America’s Report Card 2012 Series: Economic Security
America’s Report Card 2012: Children in the U.S., a report by First Focus and Save the Children, assesses the economic security of children in the United States. The level of economic security of America’s children is based on factors such as the number of children living in poverty, in low-income families, with unemployed parents, in food insecurity, and in unstable housing situations. First Focus and Save the Children gave America a failing grade of D when it comes to the economic security of U.S. children. This grade mostly results from the extraordinary number of children living in poverty in the U.S. today. According to U.S. Census data, roughly 22 percent of the children in the United States live in poverty. In a nation long-associated with opportunity, this statistic should draw concern.
A family living in poverty is defined as a family of four whose annual household income is less than $22,050. Therefore, more than one in five children in America are part of families in this precarious economic condition. Sadly, this figure does not even capture the full expanse of the problem: roughly 44 percent of children live in households that bring incomes less than twice the federal poverty level (or under $44,100). Child poverty is becoming a growing crisis in the United States, and if we as Americans don’t act to combat it now, it will only become worse. It is time for the American people to call for action on the issue of child poverty.
Although the situation may seem dire, it is possible to reverse the growing rates of child poverty. In 1999, Britain adopted the initiative to end child poverty by 2020. By promoting work, raising incomes for families with children, and investing in children, Britain has made substantial strides towards ending child poverty. Between 1994 and 2009, the percentage of children below the absolute poverty threshold fell from 30 percent to 12 percent. Through the enactment of child and family tax credits; improved paid maternity and paternity leave; the creation of universal pre-school for 3- and 4-year olds, and many other initiatives, Britain was able to significantly reduce the number of poor children.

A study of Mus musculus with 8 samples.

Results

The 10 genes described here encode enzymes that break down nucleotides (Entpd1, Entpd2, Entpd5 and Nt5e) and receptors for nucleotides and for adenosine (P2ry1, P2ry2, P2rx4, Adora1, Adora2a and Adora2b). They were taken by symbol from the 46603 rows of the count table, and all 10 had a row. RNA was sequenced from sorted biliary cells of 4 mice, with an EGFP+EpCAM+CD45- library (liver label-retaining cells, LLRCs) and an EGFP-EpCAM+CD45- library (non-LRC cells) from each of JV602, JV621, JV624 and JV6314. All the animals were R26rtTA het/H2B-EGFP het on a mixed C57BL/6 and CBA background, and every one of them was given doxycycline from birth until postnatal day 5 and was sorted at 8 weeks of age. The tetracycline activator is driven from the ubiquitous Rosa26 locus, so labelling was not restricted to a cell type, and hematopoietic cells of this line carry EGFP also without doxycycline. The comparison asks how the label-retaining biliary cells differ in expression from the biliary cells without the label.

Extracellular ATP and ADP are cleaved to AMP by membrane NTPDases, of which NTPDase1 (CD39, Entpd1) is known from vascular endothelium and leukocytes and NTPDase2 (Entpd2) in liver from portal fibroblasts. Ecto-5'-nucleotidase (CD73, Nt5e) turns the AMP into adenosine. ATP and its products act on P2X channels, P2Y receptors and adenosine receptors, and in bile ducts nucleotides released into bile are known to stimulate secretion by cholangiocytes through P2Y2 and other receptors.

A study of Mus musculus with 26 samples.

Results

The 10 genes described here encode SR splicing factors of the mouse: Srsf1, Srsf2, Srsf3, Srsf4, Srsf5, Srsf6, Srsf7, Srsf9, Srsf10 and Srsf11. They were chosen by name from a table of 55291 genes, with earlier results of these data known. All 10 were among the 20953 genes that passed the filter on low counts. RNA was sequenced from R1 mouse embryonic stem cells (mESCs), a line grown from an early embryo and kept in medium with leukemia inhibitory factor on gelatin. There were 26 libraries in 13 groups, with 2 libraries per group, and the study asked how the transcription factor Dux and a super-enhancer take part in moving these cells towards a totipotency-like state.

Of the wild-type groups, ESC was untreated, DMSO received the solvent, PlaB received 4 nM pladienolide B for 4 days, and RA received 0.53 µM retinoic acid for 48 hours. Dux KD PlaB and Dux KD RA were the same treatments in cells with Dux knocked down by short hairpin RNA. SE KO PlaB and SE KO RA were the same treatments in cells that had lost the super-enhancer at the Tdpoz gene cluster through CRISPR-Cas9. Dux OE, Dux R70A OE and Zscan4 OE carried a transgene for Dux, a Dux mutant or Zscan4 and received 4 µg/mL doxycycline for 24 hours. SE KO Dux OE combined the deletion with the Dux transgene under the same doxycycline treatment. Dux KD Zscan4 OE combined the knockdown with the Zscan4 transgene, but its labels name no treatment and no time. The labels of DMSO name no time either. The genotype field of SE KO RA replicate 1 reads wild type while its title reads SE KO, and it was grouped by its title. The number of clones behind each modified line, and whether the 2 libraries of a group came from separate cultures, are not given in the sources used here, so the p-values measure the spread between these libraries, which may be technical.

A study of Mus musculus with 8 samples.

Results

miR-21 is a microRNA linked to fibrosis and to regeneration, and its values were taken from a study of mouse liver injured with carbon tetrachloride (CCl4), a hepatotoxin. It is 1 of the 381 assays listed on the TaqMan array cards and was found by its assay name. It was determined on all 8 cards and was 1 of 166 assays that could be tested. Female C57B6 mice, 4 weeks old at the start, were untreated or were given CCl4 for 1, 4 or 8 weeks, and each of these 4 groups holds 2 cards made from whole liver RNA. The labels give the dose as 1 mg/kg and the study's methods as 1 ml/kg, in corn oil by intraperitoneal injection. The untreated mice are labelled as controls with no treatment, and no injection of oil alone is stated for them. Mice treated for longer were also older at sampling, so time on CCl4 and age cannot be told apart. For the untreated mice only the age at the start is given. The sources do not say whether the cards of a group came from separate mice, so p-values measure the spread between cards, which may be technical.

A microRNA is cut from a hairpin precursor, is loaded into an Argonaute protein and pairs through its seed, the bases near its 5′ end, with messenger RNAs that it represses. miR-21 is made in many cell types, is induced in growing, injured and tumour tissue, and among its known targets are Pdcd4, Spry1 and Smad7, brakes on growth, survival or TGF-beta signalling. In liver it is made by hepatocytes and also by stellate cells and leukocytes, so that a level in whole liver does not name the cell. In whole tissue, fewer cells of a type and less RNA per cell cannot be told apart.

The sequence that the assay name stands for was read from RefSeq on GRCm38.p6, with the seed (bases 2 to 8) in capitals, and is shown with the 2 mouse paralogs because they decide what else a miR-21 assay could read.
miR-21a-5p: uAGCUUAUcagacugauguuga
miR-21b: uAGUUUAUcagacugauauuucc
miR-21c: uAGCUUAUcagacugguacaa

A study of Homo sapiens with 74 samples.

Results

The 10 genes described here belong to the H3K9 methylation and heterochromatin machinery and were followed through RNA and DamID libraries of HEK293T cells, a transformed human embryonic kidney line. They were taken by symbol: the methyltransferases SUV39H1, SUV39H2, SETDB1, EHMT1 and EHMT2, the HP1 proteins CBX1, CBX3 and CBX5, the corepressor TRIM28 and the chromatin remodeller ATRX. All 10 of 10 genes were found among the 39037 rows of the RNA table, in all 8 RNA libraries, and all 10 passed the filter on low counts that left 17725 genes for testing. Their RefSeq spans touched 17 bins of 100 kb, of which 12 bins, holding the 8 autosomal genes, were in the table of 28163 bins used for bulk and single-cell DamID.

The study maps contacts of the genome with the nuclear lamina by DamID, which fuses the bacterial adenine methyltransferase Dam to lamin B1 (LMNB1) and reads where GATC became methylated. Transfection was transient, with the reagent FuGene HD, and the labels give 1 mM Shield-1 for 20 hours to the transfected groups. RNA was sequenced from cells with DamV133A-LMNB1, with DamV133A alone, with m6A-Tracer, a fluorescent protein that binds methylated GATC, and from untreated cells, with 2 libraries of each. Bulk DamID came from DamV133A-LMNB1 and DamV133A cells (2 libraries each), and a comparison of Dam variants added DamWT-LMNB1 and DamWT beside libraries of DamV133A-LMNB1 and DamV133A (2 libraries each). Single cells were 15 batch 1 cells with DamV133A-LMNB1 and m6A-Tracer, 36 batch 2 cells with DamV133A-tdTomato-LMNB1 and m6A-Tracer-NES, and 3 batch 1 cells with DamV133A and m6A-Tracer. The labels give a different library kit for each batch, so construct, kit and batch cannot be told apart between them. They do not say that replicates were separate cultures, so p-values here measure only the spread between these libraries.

The success of Britain demonstrates that child poverty is not intractable. Indeed, America can see similar success. By investing in programs that assist families and children who struggle financially, we too can work towards eradicating child poverty. The good news is that the United States has already taken the first steps and put programs into place that help these children.
Income supports, including the Earned Income Tax Credit (EITC) and the Child Tax Credit (CTC), help families to provide for their children’s basic needs and keep children out of impoverished conditions. Nutritional programs, such as the Supplemental Nutritional Assistance Program (SNAP, formally known as food stamps), the National School Meals Program, and the Special Supplemental Nutrition Assistance Program for Women, Infants, and Children (WIC), help keep millions of children healthy and well-fed. Temporary Assistance for Needy Families (TANF) provides supplemental funds to children whose family incomes are not sufficient enough to meet their needs. The Child Care and Development Block Grant assists parents in finding childcare for their children so that they can work normal hours demanded by a job. These and other programs help lift children above the poverty line and are key to reducing child poverty in the U.S. Unfortunately, many of these programs put in place are underfunded and require Congressional action in the upcoming months.
Before year end, Congress must act to continue the improvements made, most recently in 2009, to the Earned Income Tax Credit (EITC) and the Child Tax Credit (CTC). Additionally, funding for the Supplemental Nutrition Assistance Program (SNAP) could face cuts in late 2012 or early 2013 as seen in the 2012 Farm Bill Proposal. The American public must call on Congress to preserve and strengthen these programs so that the 5 million children kept out of poverty annually by EITC and CTC and the 22 million children served by SNAP each year can continue to benefit from these investments. These, along with other policy recommendations, will greatly benefit children and families suffering from poverty.
Like Britain, the United States must make a national commitment to end child poverty within a generation. A unified goal will be able to track the progress of all the safety net programs currently serving children and their families in an easily understood way. Improving the lives of American children should be a bipartisan effort- no one wants to see children living in poor conditions. Together, the United States can tackle child poverty and ensure a brighter future for all our nation’s children.